I met up with my friend the other day who wanted to know why I haven’t been writing. He loves my writing. And he reminded me of the first rule of being a good writer–you have to write.
So true, that. The difference between writers and most people is that writers also perfect the process of transmitting their opinions and ideas into some kind of organized script that can be read and understood by anyone, especially those who don’t happen to be privy to the daily stream of consciousness that the writer may utter with friends and in situations.
So, what does this have to do with haters? Well, haters have to also practice hating on a daily basis in order to keep their edge. And haters have difficulty responding the logical points of a well-written script, so that may cause them to avoid arguments with writers. So there are connections of sorts there. But, really, it just gives a familiar tag to the title because the phrase is used a lot today. People have to do what they do, because it’s who they are. If you stop hating, you cease to be a hater. If I stop writing, I cease to be a writer.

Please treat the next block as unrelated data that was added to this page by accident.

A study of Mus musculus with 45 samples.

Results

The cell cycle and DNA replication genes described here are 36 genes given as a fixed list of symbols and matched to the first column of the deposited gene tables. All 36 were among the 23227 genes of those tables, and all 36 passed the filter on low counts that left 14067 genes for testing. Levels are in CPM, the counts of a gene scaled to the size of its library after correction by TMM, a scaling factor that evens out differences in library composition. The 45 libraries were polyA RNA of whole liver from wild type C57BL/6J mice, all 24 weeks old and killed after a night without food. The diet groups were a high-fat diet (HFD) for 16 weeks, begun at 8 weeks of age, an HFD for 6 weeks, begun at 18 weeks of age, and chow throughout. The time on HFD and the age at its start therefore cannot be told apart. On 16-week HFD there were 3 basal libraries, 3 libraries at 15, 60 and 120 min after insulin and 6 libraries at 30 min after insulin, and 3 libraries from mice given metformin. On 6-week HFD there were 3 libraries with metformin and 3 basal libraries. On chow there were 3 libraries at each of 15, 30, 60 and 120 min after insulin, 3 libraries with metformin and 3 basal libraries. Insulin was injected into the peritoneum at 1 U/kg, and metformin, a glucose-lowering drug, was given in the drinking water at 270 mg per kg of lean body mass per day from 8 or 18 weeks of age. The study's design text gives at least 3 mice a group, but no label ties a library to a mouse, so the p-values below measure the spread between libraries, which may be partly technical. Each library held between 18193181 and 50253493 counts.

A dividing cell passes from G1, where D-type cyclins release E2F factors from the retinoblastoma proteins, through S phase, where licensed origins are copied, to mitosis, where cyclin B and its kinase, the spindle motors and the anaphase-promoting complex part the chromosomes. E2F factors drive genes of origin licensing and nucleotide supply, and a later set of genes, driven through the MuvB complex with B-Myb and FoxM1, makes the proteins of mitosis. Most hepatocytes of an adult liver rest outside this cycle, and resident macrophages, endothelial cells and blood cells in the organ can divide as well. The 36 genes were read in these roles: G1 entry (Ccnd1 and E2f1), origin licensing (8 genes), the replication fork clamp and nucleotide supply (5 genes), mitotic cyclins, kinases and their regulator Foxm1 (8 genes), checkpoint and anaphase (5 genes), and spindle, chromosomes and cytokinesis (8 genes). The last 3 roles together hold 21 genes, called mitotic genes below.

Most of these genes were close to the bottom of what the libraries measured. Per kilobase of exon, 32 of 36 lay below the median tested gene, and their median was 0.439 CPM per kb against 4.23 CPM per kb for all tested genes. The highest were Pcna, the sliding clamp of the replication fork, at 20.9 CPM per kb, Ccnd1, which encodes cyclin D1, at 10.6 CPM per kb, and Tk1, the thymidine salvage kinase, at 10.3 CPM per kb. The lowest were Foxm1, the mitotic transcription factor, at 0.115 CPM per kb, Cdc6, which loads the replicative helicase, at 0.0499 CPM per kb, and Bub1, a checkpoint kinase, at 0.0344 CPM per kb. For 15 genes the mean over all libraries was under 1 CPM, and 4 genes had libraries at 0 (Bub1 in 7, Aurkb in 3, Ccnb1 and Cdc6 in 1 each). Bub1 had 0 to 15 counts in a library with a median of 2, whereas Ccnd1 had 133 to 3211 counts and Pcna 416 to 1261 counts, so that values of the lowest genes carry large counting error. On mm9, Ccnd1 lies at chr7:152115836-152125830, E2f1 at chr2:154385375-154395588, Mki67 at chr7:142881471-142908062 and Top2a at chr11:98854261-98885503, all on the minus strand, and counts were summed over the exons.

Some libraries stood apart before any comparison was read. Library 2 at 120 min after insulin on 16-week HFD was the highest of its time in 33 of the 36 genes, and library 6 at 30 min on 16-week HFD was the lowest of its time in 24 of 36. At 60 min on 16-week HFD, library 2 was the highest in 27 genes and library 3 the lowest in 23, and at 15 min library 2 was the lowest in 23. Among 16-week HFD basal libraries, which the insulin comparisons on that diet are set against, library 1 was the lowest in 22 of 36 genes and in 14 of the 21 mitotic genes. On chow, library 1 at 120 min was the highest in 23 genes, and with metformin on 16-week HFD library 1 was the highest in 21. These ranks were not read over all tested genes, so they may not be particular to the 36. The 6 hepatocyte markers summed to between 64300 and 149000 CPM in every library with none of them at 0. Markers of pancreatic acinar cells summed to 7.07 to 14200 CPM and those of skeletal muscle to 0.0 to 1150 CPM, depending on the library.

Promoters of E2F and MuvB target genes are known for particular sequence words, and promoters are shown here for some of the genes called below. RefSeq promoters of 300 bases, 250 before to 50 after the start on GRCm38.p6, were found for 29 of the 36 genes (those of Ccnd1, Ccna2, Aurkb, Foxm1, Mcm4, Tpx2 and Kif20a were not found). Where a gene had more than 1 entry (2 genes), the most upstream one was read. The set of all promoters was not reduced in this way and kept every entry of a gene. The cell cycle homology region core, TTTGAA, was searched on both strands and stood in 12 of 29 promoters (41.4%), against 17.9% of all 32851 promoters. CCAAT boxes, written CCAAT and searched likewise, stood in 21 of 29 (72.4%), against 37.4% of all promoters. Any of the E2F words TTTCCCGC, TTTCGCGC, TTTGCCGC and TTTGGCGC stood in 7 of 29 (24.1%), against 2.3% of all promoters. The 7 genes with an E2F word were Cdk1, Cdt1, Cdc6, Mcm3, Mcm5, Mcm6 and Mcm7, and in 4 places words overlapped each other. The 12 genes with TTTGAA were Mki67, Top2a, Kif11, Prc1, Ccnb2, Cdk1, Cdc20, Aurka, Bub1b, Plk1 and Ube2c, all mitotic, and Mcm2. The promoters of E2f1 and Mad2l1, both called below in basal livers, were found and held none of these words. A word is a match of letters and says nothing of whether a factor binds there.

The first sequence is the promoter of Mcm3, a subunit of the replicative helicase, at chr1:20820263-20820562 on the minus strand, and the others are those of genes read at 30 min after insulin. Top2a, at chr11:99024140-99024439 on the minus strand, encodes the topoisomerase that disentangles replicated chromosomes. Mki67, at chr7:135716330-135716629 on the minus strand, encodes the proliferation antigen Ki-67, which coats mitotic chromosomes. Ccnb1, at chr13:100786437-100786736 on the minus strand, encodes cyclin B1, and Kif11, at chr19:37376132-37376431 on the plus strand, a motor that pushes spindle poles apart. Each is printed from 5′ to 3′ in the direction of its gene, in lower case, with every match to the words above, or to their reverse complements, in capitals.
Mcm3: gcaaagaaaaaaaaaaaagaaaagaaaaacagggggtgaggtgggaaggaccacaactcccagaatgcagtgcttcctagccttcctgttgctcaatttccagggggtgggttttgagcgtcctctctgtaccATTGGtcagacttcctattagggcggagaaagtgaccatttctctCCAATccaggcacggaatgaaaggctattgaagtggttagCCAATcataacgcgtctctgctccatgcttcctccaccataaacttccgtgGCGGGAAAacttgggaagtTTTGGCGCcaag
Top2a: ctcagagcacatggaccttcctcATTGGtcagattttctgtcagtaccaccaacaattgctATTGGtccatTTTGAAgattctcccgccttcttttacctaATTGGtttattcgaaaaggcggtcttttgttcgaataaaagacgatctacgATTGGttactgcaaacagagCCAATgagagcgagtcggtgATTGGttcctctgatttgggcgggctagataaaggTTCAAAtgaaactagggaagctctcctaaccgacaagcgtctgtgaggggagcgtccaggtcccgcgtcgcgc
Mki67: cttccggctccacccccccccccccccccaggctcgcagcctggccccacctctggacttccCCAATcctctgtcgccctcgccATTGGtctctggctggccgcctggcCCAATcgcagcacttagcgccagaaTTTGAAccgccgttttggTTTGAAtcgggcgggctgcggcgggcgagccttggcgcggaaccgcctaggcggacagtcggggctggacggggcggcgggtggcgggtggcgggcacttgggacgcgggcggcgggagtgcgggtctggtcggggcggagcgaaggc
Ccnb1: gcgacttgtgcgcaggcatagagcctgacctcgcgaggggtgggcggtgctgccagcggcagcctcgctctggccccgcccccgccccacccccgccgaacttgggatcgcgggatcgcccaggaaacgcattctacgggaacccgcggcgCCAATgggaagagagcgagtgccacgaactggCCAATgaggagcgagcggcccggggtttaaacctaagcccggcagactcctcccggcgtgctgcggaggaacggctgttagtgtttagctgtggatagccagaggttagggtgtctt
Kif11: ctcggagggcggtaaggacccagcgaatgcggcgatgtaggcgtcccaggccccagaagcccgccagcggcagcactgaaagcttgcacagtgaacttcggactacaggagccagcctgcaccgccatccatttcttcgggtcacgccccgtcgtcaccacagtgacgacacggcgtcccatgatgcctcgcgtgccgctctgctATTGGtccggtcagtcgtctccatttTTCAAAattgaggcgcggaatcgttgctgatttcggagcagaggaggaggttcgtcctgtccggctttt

Yes, and preachers have to preach. I was trained to be a preacher. I often go on Facebook and want to preach ten or twenty sermons in a day. I have many pastor friends who barely say anything on Facebook. I used to think I was quite the windbag compared to them. But, I’ve begun to realize that they all have somewhere to preach already. So they don’t need to do much of it on Facebook. They still do once in awhile, and it’s usually good stuff to hear. I, on the other hand, only have my blog, on which I get little feedback that I’m actually preaching to someone.
So, here I am, in the busiest season of my work year, writing a blog. But, I have to write something somewhere. I’m trying to give my Facebook friends a rest. They have basically been reading my blog unofficially for the last six months and they probably won’t mind if I blow off steam somewhere else.
I gotta preach. It’s all been said before, somewhere, by someone, in some way. But that is the beauty of preaching. There is always a new way of looking at things. And every new perspective helps someone somewhere understand something better. I’m not going to be preaching a new Gospel. But people need to hear it, and I need to write it.